Jap army retreat reduces danger to Port Moresby

By United Press

GENERAL MACARTHUR'S HEADQUARTERS, Melbourne -- A threat to Port Moresby, chief allied outpost in New Guinea, dwindled Monday night with reports that Japanese troops have fallen back on Lae, 195 miles north, after clashing with Australian jungle fighters at the high tide of a 27-mile advance up the Markham valley.

Another potential menace to Port Moresby persisted, however, in unexplained Japanese operations 15 miles south of Salamaua in the coastal area of northeastern New Guinea. Salamaua is 165 miles due north of Port Moresby, which lies across Torre strait from the Australian mainland.


(The German-controlled Paris radio quoted Tokyo reports that the Japanese have launched a "violent offensive in the direction of Port Moresby." It reported the Markham valley advance and said the column pushing down from Salamaua was battling Australian troops, who were fighting a rear-guard action.)

Jap planes downed

General Douglas MacArthur's headquarters, silent on the New Guinea situation, announced that the American-Australian air force destroyed or damaged five more Japanese planes, including a big flying boat, and scored bomb hits on a third enemy transport in a new broadside over the northeastern war zone.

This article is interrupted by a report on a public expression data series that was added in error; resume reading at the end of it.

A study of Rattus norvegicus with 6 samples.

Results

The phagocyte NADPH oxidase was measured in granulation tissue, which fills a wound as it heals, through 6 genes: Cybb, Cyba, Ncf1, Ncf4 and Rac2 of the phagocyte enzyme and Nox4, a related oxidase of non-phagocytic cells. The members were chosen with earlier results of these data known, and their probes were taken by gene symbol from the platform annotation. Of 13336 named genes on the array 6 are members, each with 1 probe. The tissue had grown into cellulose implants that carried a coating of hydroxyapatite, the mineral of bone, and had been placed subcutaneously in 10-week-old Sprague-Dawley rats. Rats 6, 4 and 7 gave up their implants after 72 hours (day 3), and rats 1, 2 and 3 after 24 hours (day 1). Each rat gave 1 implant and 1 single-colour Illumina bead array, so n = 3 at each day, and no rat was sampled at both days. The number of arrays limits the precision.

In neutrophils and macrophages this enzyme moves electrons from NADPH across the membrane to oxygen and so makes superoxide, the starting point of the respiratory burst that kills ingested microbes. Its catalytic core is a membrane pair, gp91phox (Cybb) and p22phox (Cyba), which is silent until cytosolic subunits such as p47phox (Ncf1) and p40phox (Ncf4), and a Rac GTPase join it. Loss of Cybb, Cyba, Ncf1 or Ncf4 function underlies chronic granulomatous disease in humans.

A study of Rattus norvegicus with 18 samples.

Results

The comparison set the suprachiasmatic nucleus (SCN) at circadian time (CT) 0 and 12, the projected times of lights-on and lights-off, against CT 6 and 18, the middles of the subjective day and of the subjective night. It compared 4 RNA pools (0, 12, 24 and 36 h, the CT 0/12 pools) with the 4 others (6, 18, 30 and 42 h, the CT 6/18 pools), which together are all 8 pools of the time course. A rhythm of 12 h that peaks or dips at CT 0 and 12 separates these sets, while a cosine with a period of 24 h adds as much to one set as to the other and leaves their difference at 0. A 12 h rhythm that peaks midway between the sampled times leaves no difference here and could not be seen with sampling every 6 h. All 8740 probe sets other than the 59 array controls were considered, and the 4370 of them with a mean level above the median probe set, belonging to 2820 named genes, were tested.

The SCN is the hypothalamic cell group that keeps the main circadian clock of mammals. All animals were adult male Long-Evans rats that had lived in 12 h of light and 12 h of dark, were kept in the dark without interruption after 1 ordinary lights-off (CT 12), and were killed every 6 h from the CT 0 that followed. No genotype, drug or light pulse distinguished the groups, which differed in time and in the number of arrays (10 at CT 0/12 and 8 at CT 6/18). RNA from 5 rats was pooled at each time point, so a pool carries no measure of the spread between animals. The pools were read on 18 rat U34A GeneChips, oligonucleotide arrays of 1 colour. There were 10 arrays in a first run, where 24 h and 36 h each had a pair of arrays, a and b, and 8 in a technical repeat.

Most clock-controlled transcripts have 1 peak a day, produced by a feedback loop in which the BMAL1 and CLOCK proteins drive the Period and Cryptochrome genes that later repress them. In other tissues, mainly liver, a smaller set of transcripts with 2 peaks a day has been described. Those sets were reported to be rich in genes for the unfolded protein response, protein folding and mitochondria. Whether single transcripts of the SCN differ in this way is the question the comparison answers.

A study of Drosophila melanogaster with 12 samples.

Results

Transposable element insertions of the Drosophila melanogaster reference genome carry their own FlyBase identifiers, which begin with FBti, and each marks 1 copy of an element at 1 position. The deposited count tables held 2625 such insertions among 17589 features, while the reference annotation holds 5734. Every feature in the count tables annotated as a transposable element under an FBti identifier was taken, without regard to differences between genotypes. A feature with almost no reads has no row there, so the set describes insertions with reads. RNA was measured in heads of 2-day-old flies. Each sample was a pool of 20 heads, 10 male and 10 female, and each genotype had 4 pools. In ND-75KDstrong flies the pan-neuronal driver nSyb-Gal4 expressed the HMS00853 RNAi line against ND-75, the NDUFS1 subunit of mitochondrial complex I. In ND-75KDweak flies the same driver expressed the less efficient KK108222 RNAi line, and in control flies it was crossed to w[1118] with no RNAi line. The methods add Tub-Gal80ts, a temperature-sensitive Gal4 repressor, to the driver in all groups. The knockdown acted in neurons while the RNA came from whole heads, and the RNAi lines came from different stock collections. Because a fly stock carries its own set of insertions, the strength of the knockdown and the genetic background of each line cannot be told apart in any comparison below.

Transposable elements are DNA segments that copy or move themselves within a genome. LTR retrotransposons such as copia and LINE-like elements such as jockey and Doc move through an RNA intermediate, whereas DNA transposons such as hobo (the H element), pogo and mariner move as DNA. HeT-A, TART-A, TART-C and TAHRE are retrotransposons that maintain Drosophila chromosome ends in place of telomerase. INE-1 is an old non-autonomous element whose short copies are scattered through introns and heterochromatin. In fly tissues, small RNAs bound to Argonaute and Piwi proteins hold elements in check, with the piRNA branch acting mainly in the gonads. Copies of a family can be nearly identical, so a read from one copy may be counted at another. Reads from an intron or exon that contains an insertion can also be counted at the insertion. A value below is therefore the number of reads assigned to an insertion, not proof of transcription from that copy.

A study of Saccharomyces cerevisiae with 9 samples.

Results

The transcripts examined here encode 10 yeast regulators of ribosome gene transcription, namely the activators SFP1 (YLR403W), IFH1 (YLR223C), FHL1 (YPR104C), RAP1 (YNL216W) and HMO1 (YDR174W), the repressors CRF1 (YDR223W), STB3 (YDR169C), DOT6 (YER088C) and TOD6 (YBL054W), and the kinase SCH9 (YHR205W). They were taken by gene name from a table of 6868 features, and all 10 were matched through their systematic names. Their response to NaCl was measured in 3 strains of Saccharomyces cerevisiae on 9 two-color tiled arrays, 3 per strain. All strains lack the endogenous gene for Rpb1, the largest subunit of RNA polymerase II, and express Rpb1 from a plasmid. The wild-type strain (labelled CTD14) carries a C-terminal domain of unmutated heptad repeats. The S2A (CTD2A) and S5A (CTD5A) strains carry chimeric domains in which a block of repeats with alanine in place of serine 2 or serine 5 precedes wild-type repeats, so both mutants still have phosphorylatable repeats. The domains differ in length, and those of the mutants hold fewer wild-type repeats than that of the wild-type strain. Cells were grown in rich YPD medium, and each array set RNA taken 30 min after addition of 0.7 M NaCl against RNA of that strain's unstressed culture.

Twelve Japanese bombers, escorted by eight Zero fighters, raided Port Moresby Sunday, the united nations communique revealed, and in "brilliant" counterblows allied fighters destroyed three bombers and one fighter with only slight losses.


Striking at Rabaul, New Britain, for the second time in a few hours, allied bombers Saturday night dropped bombs Saturday night dropped bombs squarely on an enemy transport in the harbor where earlier in the day they had damaged two transports and capsized a tender.

Flying boat damaged

Two long-range bombers on reconnaissance Sunday engaged a four-motored Japanese flying boat and badly damaged it in a running battle.

An official Australian war correspondent reported from an advance allied base that the Japanese force which struck out from Lae through the Markham valley had returned to its base after advancing as far as Nadzab.

Five weeks ago the Japanese pushed up the valley to the same point, only to be washed all the way back to the coast by a deluge which turned the valley into a vast lake.

Other reports from the north said the "strong" Japanese force made contact with Australian troops in the Markham valley, but it appeared that the clashes were between units of semi guerilla fighters.

Predictions supported

The recent intensity of the air war over the New Guinea area, together with stern warnings by Australian and allied officials that Japanese action might be expected at any time, supported predictions that Port Moresby might be in for attack.